Murder and manslaughter are two of the offences that constitute homicide.

Manslaughter can be committed in one of three ways:

  1. killing with the intent for murder but where there is provocation, diminished responsibility or a suicide pact.
  2. conduct that was grossly negligent given the risk of death, and resulted in death.
  3. conduct, taking the form of an unlawful act involving a danger of some harm, that caused death.

With some exceptions, the crime of murder is committed, where a person:

  • of sound mind and discretion (i.e. sane):
  • unlawfully kills (i.e. not self-defence or other justified killing)
  • any reasonable creature (human being)
  • in being (born alive and breathing through its own lungs)
  • under the Queen's Peace
  • with intent to kill or cause grievous bodily harm.

There are other specific homicide offences, for example, infanticide, causing death by dangerous driving, and corporate manslaughter.

Find out more about prosecuting homicide

Sexual Offences

The Sexual Offences Act 2003 updated the law, much of which dated back to 1956.

The main provisions of the Act include the following:

  • Rape is widened to include oral penetration
  • Significant changes to the issue of consent
  • Specific offences relating to children under 13, 16 and 18
  • Offences to protect vulnerable persons with a mental disorder
  • Other miscellaneous offences
  • Strengthening the notification requirements and providing new civil preventative orders

Find out more about how we prosecute sexual offences

Kayleigh Haywood's killer brought to justice


Two men have been convicted of a range of offences that culminated in the rape and murder of Leicestershire teenager Kayleigh Haywood.

Janine Smith, Chief Crown Prosecutor at CPS East Midlands said: "The death of Kayleigh Haywood was devastating. She suffered a terrifying ordeal at the hands of Stephen Beadman. She was only in that position because she had been groomed by Luke Harlow before being kept against her will.

"Beadman callously raped and took the life of an innocent teenage girl. Harlow pursued a succession of under-age girls in a sinister manner, talking about 'kidnapping' them and making them 'slaves'.

"I would like to offer my heartfelt sympathy to Kayleigh's family and I hope the conviction of these highly dangerous men will in some way help them start to cope with their loss."

Additional information

Kayleigh's body was found in a field just outside Ibstock in Leicestershire on 18 November 2015. She had been reported missing the previous weekend. Stephen Beadman, a landscape gardener from Ibstock, pleaded guilty to raping and murdering her. His neighbour, Luke Harlow, pleaded guilty to grooming Kayleigh and sexual activity with a child. Both were found guilty by a jury at Nottingham Crown Court of false imprisonment, for detaining Kayleigh against her will in Harlow's flat.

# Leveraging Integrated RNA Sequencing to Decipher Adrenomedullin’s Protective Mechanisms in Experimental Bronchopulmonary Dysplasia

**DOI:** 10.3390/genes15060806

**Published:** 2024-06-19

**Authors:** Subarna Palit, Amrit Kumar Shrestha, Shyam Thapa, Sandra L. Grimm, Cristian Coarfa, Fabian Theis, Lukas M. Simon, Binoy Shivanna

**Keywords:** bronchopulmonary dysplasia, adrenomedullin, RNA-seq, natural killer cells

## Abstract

In the days leading up to the tragic events of that weekend, Harlow had made contact with Kayleigh over social media. He had flattered her, befriended her and enticed her to meet him. The Friday before she died, Kayleigh told her family that she was staying with a friend but was in fact meeting with Harlow.

Although Kayleigh went to visit Harlow of her own accord, at some point during the weekend, circumstances changed and she tried to escape. She was followed by Beadman, who raped her and killed her. He abandoned her body in nearby undergrowth, before returning to Harlow's flat to collect his keys and Kayleigh's belongings, which he abandoned in a skip along with his own bloodstained clothing.

Neither came forward when the police were searching for Kayleigh, but were traced through Kayleigh's social media activity. Both admitted what they had done, but denied holding Kayleigh against her will.

Further investigations into Harlow's online activity revealed attempts to groom other teenage girls before Kayleigh and he pleaded guilty to attempted grooming offences for two other girls.

Although Stephen Beadman pleaded guilty to raping and murdering Kayleigh and Luke Harlow pleaded guilty to grooming and sexual activity with a child, their pleas did not cover the full extent of their criminal actions, so both were tried for false imprisonment.


Notes to Editors

  1. For media enquiries call the CPS Press Office on 020 3357 0906; Out of Hours Pager 07699 781 926
  2. For the latest in breaking news from the CPS Press Office follow @cpsuk and visit our official News Brief -
  3. The CPS consists of 13 Areas in total, each headed by a Chief Crown Prosecutor (CCP). In addition, there are three national casework divisions: Specialist Fraud (formerly Central Fraud and Welfare, Rural & Health Divisions), Special Crime & Counter Terrorism and Organised Crime. CPS Direct is a 'virtual' 14th Area which provides charging decisions to all police forces and other investigators across England and Wales - it operates twenty-four hours, seven days a week, 365 days a year.
  4. At 31 March 2015 we employed a workforce of approximately 5,895 staff (full time equivalent), including around 2,255 prosecutors and 3,288 caseworkers and administrators. Further information can be found on our website:
  5. The CPS, together with police representatives (formerly ACPO) and media representatives, has developed a Protocol for the release of prosecution material to the media. This sets out the type of prosecution material that will normally be released, or considered for release, together with the factors we will take into account when considering requests. Read the Protocol for the release of prosecution material to the media.